History of process serving

Process serving has long been a part of the judicial system to ensure due process is upheld.

Due process can be looked at in two ways –

Due process for our government

This is the requirement that the state must respect all legal rights that are owed to a person. It balances the power of law of the land and protects the individual person from it. When a government harms a person without following the exact course of the law, this constitutes a due process violation, which offends the rule of law.

Due process for an individual

Presupposes that every person has certain rights encompassed within the term “liberty”. That is to say that they are free from control within a society, until such time when they are accused of an offence when they then have the right to a fair trial.

Our role as process servers is a small, but important one…

Every person who has been charged with an offence, or is involved in a proceeding, must be notified in order for them to respond to the allegation. This is an individual’s legal right, and this is where process servers often come in.

So where does the term “due process” come from, and when was the concept first introduced? It may be further back than you think. The phrase ‘due process of law’ comes from statutes that were founded in the Magna Carta – over 800 years ago.


Magna Carta, which means ‘The Great Charter’, is one of the most important documents in history as it established the principle that everyone is subject to the law, even the king. It guarantees the rights of individuals, the right to justice, and the right to a fair trial for all.

In 1215 King John agreed to the terms of the Magna Carta following the uprising of a group of rebel barons in England. The barons captured London in May 1215 and forced King John’s hand to finally negotiate with the group, and the Magna Carta was created as a peace treaty between the king and the rebels.

These days much of the Magna Carta is not actually part of the law of the land in England, or here in New Zealand. Much of it was specific to the times and deals with concerns specific to medieval England. But it does stand as a powerful symbol for the principles of justice and equality that underpin modern human rights today. It has been invoked as a symbol of liberty by many well-known champions for human rights, including Martin Luther King and Nelson Mandela.

There are some core principles of Magna Carta that remain part of our law and constitution. What is probably the most famous clause of Magna Carta is still on the statute books in New Zealand. It states:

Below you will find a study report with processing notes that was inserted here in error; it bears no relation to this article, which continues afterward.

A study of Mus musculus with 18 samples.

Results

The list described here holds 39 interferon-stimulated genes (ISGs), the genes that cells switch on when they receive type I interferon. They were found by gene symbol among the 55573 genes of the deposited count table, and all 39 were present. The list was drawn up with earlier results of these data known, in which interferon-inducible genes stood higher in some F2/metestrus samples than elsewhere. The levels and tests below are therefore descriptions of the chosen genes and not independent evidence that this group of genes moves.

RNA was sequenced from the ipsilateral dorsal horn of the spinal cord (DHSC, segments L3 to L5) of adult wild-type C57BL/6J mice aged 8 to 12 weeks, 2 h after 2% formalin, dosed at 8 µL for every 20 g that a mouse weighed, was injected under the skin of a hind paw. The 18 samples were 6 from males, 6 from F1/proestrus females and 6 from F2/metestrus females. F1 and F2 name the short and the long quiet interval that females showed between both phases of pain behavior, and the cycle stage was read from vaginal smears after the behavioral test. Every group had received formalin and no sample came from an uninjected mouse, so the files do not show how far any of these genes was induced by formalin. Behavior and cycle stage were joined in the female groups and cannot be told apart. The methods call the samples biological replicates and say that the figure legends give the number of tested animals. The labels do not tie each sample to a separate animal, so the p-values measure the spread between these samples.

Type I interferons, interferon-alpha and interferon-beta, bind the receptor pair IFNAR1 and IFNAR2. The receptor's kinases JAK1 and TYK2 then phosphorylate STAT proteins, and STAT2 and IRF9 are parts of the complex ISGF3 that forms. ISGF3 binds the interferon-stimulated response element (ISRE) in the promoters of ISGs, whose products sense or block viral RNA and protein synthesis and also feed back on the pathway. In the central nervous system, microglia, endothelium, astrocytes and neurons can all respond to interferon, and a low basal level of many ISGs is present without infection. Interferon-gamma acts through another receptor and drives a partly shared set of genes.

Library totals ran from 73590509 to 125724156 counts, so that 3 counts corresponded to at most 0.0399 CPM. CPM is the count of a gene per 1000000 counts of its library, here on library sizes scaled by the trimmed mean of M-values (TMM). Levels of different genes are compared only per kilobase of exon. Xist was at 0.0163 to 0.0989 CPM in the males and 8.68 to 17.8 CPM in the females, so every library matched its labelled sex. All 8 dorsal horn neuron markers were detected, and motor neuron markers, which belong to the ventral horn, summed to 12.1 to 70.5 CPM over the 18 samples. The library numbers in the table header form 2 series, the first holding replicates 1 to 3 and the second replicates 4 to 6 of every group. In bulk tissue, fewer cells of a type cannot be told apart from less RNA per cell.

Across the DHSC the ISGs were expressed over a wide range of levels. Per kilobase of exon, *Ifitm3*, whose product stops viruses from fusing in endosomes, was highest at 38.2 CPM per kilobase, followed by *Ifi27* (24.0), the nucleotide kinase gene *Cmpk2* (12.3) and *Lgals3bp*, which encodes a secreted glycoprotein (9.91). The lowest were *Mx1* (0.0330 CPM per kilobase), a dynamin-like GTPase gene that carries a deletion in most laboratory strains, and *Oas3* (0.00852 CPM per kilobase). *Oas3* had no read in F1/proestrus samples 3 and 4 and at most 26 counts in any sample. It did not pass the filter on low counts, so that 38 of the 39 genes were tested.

“No freeman shall be taken or imprisoned, or be disseised of his freehold, or liberties, or free customs, or be outlawed, or exiled, or any other wise destroyed; nor will we not pass upon him, nor condemn him, but by lawful judgment of his peers, or by the law of the land. We will sell to no man, we will not deny or defer to any man either justice or right.”

Constitutions are concerned with public power. They limit, regulate, and confer the power of a State over its people.

New Zealand’s Constitution

In New Zealand we do not have a grand, overarching constitution document like the Constitution of the United States. Our constitution is spread across Acts of Parliament, legal documents, decisions of the Courts, and generally accepted practices or ‘conventions’. Put together, these define what the major institutions of government are, what powers they have, and how they can use them.

The key principles of the rule of law in New Zealand constitution state…

  • Everyone is subject to the law, including the Government
  • The law should be clear, and clearly enforceable
  • There should be an independent, impartial judiciary

The concept of due process is reverberated throughout New Zealand law. In the New Zealand Bill of Rights Act 1990, section 25 it clearly states that every person who is charged with an offence has the right to a public hearing and a fair trial in a court.

Process of service continues today as an
integral part of our legal system

Process servers are not bearers of bad news, but rather, they ensure an individual’s right to due process, upholding the rights of New Zealand citizens. Their diligence ensures that each citizen is properly notified of their involvement in legal proceedings so that their rights are upheld.

The future of process serving

Already technology is changing the landscape of process serving and will likely do so into the foreseeable future. Other methods of service are becoming more accepted, especially in this post Covid world. However, the fundamental principle remains – that all Individuals have the right to due process. And in many cases personal service via a process server continues to be the only way to ensure this.